LivaNova highlighted Thursday three studies into the effectiveness and value of its sutureless aortic valve, Perceval.
The studies include a 300-patient trial LivaNova ran under an FDA IDE to show the safety and effectiveness of Perceval.
LivaNova thinks the study, which linked Perceval to positive one-year outcomes, and device cost support greater use of the aortic valve.
LivaNova has highlighted the performance of Perceval as a bright spot at its stuttering heart valve unit in recent financial results. Throughout much of fiscal 2018, LivaNova reported "strong growth" in sales of Perceval but nonetheless saw its heart valve business contract each quarter as a result of ongoing declines in revenues from mechanical and traditional tissue valves.
Perceval, which won FDA approval in 2016, is designed to replace diseased valves or malfunctioning prosthetic aortic valves. The design supports minimally-invasive surgical techniques and, owing to its sutureless positioning and anchoring, can cut the time patients spend in cardiopulmonary bypass.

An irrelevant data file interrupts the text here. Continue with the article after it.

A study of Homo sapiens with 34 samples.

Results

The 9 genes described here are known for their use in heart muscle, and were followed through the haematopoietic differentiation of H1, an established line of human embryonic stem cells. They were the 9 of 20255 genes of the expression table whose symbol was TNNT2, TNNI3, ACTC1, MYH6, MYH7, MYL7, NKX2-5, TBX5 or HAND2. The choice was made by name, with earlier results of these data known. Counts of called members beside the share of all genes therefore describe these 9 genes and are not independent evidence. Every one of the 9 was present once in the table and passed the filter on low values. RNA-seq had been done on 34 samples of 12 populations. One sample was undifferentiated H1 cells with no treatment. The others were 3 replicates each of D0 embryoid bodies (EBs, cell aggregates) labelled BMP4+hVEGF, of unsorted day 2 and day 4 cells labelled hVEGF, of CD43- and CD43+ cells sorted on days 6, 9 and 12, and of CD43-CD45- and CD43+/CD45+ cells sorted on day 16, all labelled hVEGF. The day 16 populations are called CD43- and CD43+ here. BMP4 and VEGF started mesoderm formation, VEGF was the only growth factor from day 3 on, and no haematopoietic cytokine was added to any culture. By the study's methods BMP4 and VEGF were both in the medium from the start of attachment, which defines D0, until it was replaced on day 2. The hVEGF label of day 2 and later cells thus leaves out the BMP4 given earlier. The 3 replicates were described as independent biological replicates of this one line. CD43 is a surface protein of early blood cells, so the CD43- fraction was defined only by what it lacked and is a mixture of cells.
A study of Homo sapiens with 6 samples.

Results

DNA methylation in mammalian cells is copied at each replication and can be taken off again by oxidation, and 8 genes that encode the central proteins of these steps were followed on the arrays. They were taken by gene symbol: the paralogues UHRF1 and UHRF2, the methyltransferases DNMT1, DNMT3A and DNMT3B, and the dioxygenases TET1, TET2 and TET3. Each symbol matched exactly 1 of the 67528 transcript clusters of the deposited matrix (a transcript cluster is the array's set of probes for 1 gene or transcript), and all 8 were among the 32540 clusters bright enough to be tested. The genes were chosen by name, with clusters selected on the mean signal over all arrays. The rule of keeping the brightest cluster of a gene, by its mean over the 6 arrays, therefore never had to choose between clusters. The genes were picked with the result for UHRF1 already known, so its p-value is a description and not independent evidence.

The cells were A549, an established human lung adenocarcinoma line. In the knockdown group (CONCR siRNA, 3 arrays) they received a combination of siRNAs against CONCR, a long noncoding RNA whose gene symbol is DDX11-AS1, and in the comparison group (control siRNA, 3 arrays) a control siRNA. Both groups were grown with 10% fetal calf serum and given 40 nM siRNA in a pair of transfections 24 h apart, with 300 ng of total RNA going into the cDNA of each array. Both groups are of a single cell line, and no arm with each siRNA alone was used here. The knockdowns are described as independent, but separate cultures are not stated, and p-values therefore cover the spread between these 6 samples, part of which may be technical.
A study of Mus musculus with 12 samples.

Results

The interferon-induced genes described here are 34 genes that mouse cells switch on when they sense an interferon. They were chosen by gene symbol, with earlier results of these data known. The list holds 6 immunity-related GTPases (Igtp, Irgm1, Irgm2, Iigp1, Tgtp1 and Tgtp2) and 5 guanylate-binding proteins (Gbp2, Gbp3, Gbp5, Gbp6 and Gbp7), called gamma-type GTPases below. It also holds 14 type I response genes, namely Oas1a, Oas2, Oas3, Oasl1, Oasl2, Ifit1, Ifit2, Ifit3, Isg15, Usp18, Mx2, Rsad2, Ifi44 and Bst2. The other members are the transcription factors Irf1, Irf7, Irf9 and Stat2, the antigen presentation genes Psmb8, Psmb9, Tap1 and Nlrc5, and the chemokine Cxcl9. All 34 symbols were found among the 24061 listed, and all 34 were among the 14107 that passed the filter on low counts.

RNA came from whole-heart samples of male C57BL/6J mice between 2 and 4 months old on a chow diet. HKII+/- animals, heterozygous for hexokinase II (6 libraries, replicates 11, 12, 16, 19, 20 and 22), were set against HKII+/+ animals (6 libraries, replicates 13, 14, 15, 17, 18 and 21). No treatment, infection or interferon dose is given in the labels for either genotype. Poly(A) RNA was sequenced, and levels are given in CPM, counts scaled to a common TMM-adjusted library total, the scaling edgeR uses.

That pitch has resonated with some surgeons but the growth of Perceval has proved insufficient to offset declines in other parts of the heart valve business. Third quarter heart valve sales came in at $32.5 million, down 5.8% year over year on a constant currency basis.
Faced with the need to build on the early progress of Perceval, LivaNova has put the device through multiple studies, several of which were published in journals in the second half of last year. LivaNova highlighted three studies published over that period in a statement talking up the effectiveness and value of its device this week.
The key efficacy data come from the aforementioned IDE trial. At the one-year follow up, LivaNova saw a statistically-significant drop in left ventricular mass index, a variable associated with increased mortality at high levels, and improved scores on a health-related quality of life scale.
The other studies highlighted by LivaNova looked at the economic impact of sutureless aortic valve replacement. One study associated sutureless valves with lower in-hospital and long-term costs than transcatheter aortic valve implants. The other study found the overall cost of hospitalization for sutureless and sutured patients was comparable.